Traverse Creek Special Interest Area

4.6 miles from Georgetown. Easy, moderate trails.                                  MAP

Another excellent place close to Georgetown with plenty to see, easy trails to explore, and gemstones to find is Traverse Creek. What more should anyone ask for? This public land is managed by the Georgetown District of the U.S.F.S. and special consideration is given for unusual plants that have adapted to the unique offerings of Serpentine soil (endemic plants). A kiosk near the parking lot offers information about the unique geology, the botany, and the Native American’s use of the local plants.

The area is also referenced in many Rock and Mineral publications for the variety of rocks that can be found here, including emeralds. It was a patented mining claim from 1918-54 when the Stifle family mined emeralds and sold them to Tiffany’s jewelers in New York.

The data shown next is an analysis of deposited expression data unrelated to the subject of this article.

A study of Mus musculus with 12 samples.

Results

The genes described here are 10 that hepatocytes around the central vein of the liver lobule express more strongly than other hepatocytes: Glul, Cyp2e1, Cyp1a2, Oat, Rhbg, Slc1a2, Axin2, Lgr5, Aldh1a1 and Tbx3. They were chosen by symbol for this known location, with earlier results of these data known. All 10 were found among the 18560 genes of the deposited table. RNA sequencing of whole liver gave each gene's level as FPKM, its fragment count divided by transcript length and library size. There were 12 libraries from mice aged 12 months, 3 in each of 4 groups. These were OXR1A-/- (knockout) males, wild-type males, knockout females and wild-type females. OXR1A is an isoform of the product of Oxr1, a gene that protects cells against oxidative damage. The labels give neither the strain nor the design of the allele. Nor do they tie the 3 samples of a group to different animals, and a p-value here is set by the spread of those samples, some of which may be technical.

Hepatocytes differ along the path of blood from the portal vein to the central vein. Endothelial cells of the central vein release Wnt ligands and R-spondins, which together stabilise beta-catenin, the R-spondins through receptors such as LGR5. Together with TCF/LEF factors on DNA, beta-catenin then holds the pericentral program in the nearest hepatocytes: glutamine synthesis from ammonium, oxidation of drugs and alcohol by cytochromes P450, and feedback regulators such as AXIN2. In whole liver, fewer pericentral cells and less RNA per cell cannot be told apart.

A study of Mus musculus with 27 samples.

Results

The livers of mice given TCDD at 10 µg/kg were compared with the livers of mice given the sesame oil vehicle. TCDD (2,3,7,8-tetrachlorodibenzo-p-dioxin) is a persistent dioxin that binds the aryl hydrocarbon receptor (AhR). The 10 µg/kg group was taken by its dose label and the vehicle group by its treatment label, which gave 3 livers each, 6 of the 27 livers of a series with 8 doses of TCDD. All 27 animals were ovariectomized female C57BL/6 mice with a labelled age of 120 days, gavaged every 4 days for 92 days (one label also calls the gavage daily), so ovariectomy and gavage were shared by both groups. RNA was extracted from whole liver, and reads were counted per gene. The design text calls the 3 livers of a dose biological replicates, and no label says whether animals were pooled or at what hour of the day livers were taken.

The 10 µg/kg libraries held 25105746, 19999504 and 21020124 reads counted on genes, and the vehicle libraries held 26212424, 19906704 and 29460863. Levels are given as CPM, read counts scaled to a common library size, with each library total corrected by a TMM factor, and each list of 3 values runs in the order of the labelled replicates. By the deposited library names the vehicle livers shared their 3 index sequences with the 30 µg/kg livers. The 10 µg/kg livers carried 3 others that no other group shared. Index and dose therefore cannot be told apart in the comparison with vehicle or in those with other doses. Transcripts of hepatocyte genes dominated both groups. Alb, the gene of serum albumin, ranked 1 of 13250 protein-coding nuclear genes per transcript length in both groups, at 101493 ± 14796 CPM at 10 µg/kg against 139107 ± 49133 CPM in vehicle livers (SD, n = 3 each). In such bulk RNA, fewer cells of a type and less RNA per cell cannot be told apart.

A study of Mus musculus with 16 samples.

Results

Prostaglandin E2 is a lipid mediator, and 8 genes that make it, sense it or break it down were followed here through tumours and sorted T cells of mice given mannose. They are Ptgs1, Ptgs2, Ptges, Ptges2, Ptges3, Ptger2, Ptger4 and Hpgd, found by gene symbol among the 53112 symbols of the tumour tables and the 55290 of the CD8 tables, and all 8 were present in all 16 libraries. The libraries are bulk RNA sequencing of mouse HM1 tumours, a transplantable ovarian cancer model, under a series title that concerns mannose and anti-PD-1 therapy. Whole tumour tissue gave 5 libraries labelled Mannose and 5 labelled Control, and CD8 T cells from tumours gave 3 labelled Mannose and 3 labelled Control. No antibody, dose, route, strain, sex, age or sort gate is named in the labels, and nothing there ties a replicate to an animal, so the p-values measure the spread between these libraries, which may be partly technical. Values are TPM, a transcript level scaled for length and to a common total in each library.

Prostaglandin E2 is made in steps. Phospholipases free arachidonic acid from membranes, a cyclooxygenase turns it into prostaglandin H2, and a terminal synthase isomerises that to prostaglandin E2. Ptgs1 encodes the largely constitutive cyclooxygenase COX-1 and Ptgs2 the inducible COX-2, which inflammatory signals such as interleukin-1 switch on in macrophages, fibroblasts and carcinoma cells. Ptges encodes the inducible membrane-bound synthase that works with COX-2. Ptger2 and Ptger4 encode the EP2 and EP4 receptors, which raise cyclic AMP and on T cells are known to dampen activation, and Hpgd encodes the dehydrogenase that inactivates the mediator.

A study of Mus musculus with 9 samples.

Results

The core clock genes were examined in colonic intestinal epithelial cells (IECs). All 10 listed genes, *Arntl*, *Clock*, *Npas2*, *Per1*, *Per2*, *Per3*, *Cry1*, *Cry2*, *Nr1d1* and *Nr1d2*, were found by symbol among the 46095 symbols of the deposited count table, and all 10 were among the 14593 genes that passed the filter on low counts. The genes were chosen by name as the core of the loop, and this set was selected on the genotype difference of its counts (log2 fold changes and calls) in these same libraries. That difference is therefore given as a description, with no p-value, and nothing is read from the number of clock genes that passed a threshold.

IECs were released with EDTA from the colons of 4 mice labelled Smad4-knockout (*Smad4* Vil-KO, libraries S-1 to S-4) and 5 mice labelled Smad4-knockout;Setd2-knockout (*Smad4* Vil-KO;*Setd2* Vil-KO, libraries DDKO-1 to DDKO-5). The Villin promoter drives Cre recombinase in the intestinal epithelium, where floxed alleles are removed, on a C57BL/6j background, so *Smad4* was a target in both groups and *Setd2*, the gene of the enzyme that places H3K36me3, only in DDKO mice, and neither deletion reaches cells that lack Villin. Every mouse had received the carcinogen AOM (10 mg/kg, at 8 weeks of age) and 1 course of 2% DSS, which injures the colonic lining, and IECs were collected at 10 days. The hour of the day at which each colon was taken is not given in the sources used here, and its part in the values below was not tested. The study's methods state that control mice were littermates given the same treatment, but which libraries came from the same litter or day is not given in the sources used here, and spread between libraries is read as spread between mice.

Bed rock mortars on the east side of the creek lie in testament of the Native Americans who spent many moons grinding acorns collected from the nearby Leather Oaks. Look for the scruffy hardy miniature oak bushes endemic to the Serpentine soil.

Directions: Take Highway 193 3.3 miles to Meadowbrook Rd. (before Black Oak Mine). Turn Left for another 1.3 miles to where Meadowbrook Rd. ends at Bear Creek Rd. The parking lot is on the left across the bridge.

Trails are easy to follow looping around the area with bridges provided over creeks. Thick chaparral (brush) thwarts hikers from straying too far from the main trails, but many minor trails present themselves for further exploring. The Mar-Det trail (moderately steep with easy sections) also leaves from this area and goes all the way to Camp Virner (6 miles one way).

Serpentine Rock is associated with gold and a beltway of the rock traces along the entire Mother Lode. Easy to recognize with its deranged character of different shades of green, the stone enjoys the company of mangled looking Grey Pines and Leather Oaks.

This trails of this area are unusually rocky and rough due to the nature of the Serpentine. Sturdy shoes or boots are recommended.